As ransomware attacks against critical infrastructure continue to spike in recent months, cybersecurity researchers have uncovered a new entrant that has been actively trying to conduct multistage attacks on large corporate networks of medical labs, banks, manufacturers, and software developers in Russia.
The ransomware gang, codenamed "OldGremlin" and believed to be a Russian-speaking threat actor, has been linked to a series of campaigns at least since March, including a successful attack against a clinical diagnostics laboratory that occurred last month on August 11.
"The group has targeted only Russian companies so far, which was typical for many Russian-speaking adversaries, such as Silence and Cobalt, at the beginning of their criminal path," Singaporean cybersecurity firm Group-IB said in a report published today and shared with The Hacker News.
"Using Russia as a testing ground, these groups then switched to other geographies to distance themselves from vicious actions of the victim country's police and decrease the chances of ending behind the bars."
OldGremlin's modus operandi involves using custom backdoors — such as TinyNode and TinyPosh to download additional payloads — with the ultimate goal of encrypting files in the infected system using TinyCryptor ransomware (aka decr1pt) and holding it hostage for about $50,000.
In addition, the operators gained an initial foothold on the network using a phishing email sent on behalf of Russia's RBC Group, a Moscow-based major media group, with "Invoice" in the subject line.
The message informed the recipient of their inability to contact the victim's colleague with regards to an urgent bill payment along with a malicious link to pay the bill that, when clicked, downloaded the TinyNode malware.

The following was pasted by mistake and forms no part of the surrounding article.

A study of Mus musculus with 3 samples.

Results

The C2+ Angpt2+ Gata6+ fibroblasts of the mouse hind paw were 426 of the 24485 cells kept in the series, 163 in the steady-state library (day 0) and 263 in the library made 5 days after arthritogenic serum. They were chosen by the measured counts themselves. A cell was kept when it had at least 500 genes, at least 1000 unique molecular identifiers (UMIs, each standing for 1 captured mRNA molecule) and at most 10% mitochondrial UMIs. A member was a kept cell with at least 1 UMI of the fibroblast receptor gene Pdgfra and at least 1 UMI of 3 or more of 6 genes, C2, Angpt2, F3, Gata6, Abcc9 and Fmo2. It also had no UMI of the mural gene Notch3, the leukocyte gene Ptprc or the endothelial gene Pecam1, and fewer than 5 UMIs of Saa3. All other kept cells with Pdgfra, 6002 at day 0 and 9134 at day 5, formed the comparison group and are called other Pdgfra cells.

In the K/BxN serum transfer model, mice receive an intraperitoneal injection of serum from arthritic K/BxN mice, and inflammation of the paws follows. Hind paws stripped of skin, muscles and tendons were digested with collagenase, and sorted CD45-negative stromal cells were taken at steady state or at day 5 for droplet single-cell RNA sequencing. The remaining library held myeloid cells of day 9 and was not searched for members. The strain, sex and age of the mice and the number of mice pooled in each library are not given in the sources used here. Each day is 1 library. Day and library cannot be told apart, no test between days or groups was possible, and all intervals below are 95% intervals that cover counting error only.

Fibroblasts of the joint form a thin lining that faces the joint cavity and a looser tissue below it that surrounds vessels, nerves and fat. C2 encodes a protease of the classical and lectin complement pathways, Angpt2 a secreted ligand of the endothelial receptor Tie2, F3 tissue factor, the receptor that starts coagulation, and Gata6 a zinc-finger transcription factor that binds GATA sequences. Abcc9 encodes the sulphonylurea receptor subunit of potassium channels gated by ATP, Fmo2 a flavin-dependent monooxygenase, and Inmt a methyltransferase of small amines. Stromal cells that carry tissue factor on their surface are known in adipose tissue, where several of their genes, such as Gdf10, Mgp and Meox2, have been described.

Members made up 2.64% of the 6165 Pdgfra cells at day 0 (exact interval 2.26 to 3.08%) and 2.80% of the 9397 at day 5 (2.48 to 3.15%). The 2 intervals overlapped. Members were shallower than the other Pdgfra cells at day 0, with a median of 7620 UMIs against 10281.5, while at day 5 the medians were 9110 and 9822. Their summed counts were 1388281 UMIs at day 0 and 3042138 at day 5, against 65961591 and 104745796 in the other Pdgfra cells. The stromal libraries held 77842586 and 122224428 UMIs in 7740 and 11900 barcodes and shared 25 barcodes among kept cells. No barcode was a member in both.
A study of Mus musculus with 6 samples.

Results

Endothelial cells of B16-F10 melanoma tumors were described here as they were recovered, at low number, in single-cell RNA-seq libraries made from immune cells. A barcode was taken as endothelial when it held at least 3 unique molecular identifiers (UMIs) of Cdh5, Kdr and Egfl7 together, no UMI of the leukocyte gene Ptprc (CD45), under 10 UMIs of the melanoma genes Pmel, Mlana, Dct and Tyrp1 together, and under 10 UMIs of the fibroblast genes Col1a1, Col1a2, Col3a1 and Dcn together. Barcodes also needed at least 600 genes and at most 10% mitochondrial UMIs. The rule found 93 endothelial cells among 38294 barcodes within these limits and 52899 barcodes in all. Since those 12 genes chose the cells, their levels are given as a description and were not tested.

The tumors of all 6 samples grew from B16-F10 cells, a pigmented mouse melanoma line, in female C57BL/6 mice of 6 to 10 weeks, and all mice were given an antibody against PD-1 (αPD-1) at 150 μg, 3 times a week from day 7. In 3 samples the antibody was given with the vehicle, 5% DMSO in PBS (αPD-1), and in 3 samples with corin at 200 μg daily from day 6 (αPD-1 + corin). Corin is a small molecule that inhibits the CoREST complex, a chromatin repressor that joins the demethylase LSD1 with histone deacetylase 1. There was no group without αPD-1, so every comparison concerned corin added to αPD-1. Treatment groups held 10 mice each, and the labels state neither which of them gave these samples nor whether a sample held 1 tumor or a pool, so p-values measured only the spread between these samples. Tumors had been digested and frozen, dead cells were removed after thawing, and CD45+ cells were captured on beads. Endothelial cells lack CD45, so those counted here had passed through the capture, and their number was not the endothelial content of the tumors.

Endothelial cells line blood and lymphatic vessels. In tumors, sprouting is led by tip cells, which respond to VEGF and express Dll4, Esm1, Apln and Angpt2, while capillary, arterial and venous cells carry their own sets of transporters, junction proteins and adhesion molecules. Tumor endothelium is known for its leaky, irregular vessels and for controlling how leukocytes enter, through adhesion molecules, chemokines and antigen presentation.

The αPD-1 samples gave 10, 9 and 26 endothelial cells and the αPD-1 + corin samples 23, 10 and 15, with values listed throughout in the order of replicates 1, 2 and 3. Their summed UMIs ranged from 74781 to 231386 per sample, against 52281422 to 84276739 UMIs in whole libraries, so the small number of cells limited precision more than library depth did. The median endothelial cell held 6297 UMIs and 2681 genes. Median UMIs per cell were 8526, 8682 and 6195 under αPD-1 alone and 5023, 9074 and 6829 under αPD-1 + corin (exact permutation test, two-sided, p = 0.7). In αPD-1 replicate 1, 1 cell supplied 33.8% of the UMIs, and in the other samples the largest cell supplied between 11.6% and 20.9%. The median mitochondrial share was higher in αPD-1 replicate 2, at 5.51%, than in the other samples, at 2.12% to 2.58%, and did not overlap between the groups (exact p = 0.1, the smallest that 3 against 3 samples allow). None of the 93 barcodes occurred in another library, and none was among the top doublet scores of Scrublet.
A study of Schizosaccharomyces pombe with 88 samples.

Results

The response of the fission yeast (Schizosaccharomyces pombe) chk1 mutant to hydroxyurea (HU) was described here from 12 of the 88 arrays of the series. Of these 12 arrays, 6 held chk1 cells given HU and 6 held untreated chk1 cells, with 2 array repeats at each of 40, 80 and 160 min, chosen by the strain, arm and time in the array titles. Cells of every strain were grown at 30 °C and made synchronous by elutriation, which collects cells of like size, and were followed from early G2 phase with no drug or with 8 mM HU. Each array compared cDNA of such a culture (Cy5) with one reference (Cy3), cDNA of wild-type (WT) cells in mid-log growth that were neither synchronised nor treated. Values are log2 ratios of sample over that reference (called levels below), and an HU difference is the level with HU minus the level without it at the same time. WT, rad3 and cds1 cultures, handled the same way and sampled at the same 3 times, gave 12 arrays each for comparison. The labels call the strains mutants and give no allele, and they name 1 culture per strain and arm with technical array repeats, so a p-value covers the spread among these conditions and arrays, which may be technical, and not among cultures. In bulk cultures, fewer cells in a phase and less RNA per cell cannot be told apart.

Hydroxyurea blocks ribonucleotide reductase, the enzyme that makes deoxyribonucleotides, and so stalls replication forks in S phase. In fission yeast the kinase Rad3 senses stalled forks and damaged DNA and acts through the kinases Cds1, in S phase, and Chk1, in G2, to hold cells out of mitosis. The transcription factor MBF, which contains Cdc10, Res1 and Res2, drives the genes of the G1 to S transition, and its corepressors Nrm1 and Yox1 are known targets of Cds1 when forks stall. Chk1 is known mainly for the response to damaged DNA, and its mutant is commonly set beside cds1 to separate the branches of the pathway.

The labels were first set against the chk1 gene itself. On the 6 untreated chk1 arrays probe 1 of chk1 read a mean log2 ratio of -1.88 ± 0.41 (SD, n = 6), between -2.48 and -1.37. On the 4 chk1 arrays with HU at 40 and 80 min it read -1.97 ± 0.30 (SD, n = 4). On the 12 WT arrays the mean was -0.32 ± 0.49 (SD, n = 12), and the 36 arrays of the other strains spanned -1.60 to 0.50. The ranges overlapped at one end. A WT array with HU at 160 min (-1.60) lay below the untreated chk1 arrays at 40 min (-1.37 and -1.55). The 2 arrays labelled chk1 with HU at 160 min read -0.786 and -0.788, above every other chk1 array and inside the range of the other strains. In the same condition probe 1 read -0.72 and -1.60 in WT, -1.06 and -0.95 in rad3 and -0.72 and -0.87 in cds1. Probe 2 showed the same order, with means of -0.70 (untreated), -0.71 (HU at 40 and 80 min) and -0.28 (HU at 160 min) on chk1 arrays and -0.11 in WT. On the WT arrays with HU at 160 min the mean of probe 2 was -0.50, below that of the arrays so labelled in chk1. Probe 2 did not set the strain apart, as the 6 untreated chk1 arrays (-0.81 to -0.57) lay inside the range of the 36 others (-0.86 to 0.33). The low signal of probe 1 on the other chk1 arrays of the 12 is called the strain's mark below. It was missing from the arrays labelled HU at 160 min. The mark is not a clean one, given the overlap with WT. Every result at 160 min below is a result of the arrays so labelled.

Upon finding their way in, the bad actor used remote access to the infected computer, leveraging it to laterally move across the network via Cobalt Strike and gather authentication data of the domain administrator.
In a different variant of the attack observed in March and April, the cybercriminals were found using COVID-themed phishing lures to financial enterprises that masqueraded as a Russian microfinance organization to deliver the TinyPosh Trojan.
Subsequently, a separate wave of the campaign was detected on August 19, when the cybercriminals sent out spear-phishing messages exploiting the ongoing protests in Belarus decrying the government, proving once again that threat actors are adept at capitalizing world events to their advantage.
In all, OldGremlin has been behind nine campaigns between May and August, according to Group-IB.
"What distinguishes OldGremlin from other Russian-speaking threat actors is their fearlessness to work in Russia," Oleg Skulkin, a senior digital forensics analyst at Group-IB, said.
"This indicates that the attackers are either fine-tuning their techniques benefiting from home advantage before going global, as it was the case with Silence and Cobalt, or they are representatives of some of Russia's neighbors who have a strong command of Russian."